Flight to The Pink Door

The first time I saw Bill, he was in an elevator at the Milwaukee Institute of Art and Design, recounting his experience of swimming with a manatee to another passenger on the ride down to the first floor. I was visiting a friend who attended classes there, and right before we stepped off the elevator, she turned to him and accused him of lying about the manatee. I could see the blood rush to his face as we walked off the elevator and before he had time to defend himself, the doors shut.

My friend chuckled. I thought she knew him. Apparently she didn’t and was just being sassy.

{I’m not sure if I really witnessed that event, but when Bill would tell me about it later, I felt like I had been there and it could be possible that I was.}

Years went by until I moved to Milwaukee and saw him again at an art show. Not really him as a person, but his art. Bill is an amazing artist and illustrator and he had several pieces in the show. I remember being bored with the exhibit until I came to his work.

There were two pieces in his collection in particular that drew me in. One of them portrayed a bunk bed, with a frightened child on the bottom bunk and Skeletor on the top bunk (which was sold before he could obtain a digital copy, so I’m unable to show it to you).

The other one told a story about a time when he woke up in the middle of the night to go to the bathroom, ran into his dad in the hallway and mistook his dad as a ghost.

There was something familiar about his work, as if I already knew and loved him. I also fell in love with another artist that evening who had installed a tree house in the highest corner of the gallery that you could climb into, but I would later understand that you cannot judge an artist by his art, because I came to know both of the artists…one being Bill of course, and the other being someone who I didn’t end up liking as much as I like Bill.

I wouldn’t connect the art to Bill until my first visit to his home, a few years later. There on his mantle would be my favorites at that show and I rejoiced in the synchronicity of it all.

Here’s my very own William Baldus piece:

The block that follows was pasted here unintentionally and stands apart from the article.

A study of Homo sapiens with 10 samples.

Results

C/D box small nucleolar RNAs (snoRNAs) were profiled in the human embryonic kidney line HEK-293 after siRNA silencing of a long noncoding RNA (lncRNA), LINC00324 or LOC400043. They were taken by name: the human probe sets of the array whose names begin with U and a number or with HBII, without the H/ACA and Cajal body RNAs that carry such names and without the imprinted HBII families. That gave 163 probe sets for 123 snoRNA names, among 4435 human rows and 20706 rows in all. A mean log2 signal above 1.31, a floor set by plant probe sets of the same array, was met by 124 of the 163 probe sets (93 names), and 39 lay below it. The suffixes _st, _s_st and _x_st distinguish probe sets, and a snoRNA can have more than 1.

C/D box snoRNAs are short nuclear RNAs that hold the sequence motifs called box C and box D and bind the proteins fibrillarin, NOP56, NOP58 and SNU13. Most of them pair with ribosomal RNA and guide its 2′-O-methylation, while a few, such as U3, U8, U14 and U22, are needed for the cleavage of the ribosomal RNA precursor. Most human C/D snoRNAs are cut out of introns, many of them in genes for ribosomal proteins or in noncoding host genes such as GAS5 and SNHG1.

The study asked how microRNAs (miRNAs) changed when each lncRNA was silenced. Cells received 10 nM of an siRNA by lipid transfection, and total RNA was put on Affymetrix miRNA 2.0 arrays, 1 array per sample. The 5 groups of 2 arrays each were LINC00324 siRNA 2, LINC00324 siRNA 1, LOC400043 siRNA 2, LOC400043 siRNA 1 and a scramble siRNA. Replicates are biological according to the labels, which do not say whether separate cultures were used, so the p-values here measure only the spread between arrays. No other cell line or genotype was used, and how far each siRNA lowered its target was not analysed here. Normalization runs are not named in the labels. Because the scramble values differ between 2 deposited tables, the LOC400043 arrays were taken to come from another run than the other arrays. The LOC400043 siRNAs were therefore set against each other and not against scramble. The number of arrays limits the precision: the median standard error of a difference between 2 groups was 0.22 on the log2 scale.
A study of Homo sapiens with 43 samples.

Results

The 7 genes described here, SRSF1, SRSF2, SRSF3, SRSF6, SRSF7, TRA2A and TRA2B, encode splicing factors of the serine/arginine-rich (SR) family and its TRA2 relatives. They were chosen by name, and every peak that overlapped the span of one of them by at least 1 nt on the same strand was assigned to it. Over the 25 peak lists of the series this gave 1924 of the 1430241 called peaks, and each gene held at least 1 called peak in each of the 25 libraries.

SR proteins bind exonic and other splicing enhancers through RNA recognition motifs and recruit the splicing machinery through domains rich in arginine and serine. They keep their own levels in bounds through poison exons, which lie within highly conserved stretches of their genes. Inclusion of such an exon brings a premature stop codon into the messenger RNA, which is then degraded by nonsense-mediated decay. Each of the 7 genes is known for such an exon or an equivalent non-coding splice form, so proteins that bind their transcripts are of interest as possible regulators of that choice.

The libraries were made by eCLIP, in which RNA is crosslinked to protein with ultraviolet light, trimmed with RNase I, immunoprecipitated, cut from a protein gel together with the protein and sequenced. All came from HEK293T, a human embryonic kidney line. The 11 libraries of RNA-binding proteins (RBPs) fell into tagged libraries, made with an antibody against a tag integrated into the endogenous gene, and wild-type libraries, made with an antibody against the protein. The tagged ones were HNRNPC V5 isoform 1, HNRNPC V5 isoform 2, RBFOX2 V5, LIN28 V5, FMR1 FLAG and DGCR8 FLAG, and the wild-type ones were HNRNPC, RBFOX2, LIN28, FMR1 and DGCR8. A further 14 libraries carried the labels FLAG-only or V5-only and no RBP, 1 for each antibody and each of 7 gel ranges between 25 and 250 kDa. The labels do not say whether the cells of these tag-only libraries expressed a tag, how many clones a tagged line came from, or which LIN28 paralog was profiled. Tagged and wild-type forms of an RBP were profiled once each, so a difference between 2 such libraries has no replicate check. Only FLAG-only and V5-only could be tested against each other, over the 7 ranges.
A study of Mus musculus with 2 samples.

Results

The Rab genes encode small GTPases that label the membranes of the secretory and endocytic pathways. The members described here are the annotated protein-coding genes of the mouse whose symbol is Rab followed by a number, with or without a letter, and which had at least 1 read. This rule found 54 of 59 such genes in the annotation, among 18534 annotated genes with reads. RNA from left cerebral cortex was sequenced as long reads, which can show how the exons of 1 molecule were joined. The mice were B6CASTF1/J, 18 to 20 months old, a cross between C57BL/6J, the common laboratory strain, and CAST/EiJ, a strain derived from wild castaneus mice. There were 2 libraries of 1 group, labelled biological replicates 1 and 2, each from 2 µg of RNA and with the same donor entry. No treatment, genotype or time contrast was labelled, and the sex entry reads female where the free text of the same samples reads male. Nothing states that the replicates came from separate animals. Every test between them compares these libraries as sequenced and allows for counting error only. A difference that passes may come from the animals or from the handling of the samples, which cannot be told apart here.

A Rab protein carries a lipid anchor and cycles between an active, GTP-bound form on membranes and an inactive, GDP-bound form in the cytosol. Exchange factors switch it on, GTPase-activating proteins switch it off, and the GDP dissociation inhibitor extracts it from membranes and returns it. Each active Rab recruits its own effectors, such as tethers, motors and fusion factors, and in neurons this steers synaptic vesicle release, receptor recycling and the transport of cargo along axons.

It depicts the highlights of our trip to Seattle. I looked for orcas, and we went to a place called the Pink Door, which had a trapeze hanging from the ceiling, and served up plates of steamed clams and warm bread and butter. We couldn’t afford to eat there, but we had cocktails and listened to a band.

Later, we wandered into an arcade, despite my whining to Bill about how much I dislike playing video games, but we played skee ball and came across a game that consisted of balloons with drills attached to the bottom of them. To play, we had to sit in a chair that rode up and down with our balloons as they battled with the other balloons, which were displayed on a large screen in front of us.

I didn’t want to lose at this game, because if you lost, your chair would stay at floor level, and I imagined that would be devastating. I was determined to go as high as the chair would take me, and that’s exactly what I did.

Once up there, I was able to pop every one else’s ballon with the drill before they had a chance to come near me, high up in the sky, my chair bouncing with every balloon I would pop.

In celebration of my win, my chair elevated all the way to the ceiling. Lights sparkled on me and electronic music played jubilantly. This was a huge deal.

That’s why I’m in the balloon in this illustration, with the orange orca, coming home to my orange boyfriend and orange cat.

The mountains in the background remind me of when we took a ferry across the Puget Sound. It was early, and fog sat on top of Seattle. As we made our way across the Sound, the fog began to lift and we could see a mountain range. Bill said, “I wonder which one of those mountains is Rainier.” I looked and I couldn’t tell; they all looked the same, until the fog parted and out of it emerged a massive mountain, 100 times larger than the rest, and suddenly there was no question in our minds about which mountain was named Rainier. Our mouths gaped open in awe.

I like to say a piece of that mountain’s spirit resides in Bill, since he was also there the whole time, and all I really had to do to find him was step back a bit and wait for the fog to clear.

About clutterheart

You don't know me, but you will.

  1. Tina Samuels says:

    This is so incredibly sweet 🙂 ❤ Love it!! Bill is totally orange & I love that you have an orange cat 🙂 I was once engaged to a guy that was brown with square box car feet. We had a dog with brown eyebrows that ate canned pumpkin 🙂


    • That’s hilarious! Would you happen to have a pic of the feet? And the dog with eyebrows? I never heard of such a thing. But canned pumpkin, I know from working at a vet clinic, is good for doggies, I can’t remember why though.